Wearing a hoodie on the floor of the House of Representatives was the least that Rep. Bobby Rush (D-Ill.) could do to make a point about Trayvon Martin’s shooting death, the lawmaker said Wednesday afternoon.

Speaking to a scrum of reporters after a series of legislative votes, Rush explained that his background as a civil rights activist in the 1960s inspired his decision to speak out.

A transcript of his exchange with reporters — edited for clarity and length — appears below:

Question: How did it feel doing what you did?

Rush: “It felt like, I had recollections, rather, of my younger life. It kind of just came up from inside, the whole thing. But I also felt good doing it, because if that’s the least I can do in trying to fight for justice for Trayvon Martin and others who are just wantonly killed on the streets of America and there’s no public response from law enforcement, from the criminal justice system. It’s abhorrent to me, always have been, always will be.”

When did you decide to do this?

“Really, just last night I decided I wanted to do something, I wanted to make a statement that a hoodie is nothing but a piece of clothing and it should not be the cause of the death of anybody in America. It’s just a piece of clothing. It’s wrong when a young man, Trayvon Martin, or any other young man is killed just for wearing a piece of clothing and being in the wrong neighborhood at the wrong time. And being of the wrong color.”

So emotionally it was almost like a 1960s flashback – civil disobedience?

“Well, and I think that the House, and those of us who know the importance of civil disobedience, and sometimes civil disobedience is important. We salute Dr. King, the memory of Dr. King, Nelson Mandela and others. Sometimes we have to kind of summon the courage to stand up in the face of injustice. And I quoted one of my favorite passages from the Bible, Micah 6: 6-8: When the Lord asked the prophet Michael, ‘What do I require thee oh man but to love mercy, do justice and walk humbly with your God.’ And I put emphasis on the ‘do justice.’ That means stand up for justice and against injustice. And that’s what I was doing.”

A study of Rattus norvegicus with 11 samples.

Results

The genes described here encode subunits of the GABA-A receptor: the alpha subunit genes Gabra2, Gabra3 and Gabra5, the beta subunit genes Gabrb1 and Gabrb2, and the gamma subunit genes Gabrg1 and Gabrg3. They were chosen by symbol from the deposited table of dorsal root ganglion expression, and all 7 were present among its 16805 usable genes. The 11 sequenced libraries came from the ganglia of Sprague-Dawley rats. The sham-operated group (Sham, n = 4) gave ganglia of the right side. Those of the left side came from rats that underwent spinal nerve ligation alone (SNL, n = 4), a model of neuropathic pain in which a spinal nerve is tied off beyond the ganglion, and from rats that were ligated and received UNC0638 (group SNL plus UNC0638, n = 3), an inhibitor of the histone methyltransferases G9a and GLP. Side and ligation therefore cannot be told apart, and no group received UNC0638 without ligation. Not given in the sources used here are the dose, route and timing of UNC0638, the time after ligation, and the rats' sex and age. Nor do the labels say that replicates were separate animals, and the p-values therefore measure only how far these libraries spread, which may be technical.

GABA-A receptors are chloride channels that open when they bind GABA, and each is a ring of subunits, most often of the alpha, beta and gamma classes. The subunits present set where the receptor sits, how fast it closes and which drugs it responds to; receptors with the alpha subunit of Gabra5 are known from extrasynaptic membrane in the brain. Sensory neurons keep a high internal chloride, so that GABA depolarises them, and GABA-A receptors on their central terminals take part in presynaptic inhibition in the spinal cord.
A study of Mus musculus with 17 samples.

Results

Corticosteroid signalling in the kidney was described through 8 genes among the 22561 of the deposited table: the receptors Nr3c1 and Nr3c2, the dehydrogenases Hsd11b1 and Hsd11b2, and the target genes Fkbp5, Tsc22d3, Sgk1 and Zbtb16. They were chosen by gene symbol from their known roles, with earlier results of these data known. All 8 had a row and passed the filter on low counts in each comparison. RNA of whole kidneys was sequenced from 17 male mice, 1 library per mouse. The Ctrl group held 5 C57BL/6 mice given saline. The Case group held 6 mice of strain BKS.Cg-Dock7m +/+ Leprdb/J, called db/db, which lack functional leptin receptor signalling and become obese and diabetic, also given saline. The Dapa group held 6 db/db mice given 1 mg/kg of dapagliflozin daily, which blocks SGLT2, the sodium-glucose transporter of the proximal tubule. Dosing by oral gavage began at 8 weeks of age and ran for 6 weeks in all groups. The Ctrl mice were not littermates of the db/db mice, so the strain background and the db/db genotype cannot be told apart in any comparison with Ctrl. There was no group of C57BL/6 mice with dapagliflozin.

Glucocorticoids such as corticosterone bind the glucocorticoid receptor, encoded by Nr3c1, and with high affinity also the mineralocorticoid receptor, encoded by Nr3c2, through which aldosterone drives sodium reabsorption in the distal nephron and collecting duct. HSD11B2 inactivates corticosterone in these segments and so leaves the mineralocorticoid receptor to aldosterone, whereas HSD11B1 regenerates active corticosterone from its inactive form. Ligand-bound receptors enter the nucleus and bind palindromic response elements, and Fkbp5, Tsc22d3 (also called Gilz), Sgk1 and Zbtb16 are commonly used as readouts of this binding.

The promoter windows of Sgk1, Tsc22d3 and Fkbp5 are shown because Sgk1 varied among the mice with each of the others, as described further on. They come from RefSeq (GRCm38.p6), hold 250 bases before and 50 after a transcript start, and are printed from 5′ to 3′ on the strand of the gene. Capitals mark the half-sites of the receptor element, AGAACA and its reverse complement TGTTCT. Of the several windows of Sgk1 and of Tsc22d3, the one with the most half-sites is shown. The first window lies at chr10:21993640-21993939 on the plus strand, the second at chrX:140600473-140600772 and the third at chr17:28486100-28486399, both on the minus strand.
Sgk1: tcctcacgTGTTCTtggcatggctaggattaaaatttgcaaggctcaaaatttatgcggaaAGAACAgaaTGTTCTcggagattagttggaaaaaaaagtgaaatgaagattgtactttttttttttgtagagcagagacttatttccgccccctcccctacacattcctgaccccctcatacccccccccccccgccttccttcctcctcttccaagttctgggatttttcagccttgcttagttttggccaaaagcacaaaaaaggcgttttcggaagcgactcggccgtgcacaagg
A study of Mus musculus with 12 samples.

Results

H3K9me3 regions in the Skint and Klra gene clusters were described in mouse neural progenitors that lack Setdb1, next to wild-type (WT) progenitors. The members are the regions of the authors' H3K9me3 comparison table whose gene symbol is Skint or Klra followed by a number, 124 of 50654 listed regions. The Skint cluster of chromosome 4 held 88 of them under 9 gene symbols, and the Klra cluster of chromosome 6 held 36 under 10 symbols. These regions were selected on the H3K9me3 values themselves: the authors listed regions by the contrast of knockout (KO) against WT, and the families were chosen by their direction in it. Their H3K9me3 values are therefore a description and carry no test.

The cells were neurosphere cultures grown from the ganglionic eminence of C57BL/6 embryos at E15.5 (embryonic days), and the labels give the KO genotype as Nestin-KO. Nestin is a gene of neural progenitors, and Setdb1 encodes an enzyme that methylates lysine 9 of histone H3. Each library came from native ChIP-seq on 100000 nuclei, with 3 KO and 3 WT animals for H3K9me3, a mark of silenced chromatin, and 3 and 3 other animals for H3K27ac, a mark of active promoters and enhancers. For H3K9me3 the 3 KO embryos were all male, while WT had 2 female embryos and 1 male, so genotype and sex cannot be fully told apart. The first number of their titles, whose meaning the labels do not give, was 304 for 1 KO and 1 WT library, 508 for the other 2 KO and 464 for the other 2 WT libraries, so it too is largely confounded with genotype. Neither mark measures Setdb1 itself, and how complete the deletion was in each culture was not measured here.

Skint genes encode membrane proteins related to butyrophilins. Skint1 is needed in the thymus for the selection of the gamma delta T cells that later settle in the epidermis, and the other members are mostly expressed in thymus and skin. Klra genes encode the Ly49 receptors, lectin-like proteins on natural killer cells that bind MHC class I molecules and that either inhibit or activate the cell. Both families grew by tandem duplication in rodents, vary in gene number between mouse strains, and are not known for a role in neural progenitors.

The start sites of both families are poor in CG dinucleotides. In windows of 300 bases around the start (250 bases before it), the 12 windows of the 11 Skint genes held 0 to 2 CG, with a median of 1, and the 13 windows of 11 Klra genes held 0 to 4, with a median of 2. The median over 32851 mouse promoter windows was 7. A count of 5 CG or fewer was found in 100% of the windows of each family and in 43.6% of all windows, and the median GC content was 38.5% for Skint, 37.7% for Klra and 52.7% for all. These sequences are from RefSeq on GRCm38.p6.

Did they physically remove you from the House floor?

“Yes, they escorted me off.”

Where did they take you?

“Out here with you guys.”

And then what did you do? Did they say anything to you? Did they say this wasn’t allowed?

“They told me that, yeah. The rules say you can’t wear a hat. A hoodie’s not a hat. So I kind of stretched the rules.”

“I honor the traditions of the House, but sometimes decorum has to take a back seat, especially when it comes to justice and the right of any American.

“We had to turn decorum aside in the founding of this nation. This nation should always lead in favor of those who want to bring grievances to their government and air those grievances before their government. And I don’t think that we’re so comfortable as Americans that we can allow civil disobedience or protest to become a thing of the past. And I’m so glad that I had the experience that I had in the ’60s that would inform me, inspire me and inflame me to speak out against injustice.”

Have you heard from Trayvon’s family?

“Yes, I was with them yesterday. And I told them that they’ve lost a son, but they’ve gained a whole generation of children.”

Where’d you get the hoodie?

“I got it last night. But I wear hoodies anyway. I do wear hoodies sometimes when I’m in Chicago. As a matter of fact, I gave a hoodie to my 42-year old son as a part of his Christmas present. It’s just a piece of clothing. It’s just a piece of clothing.”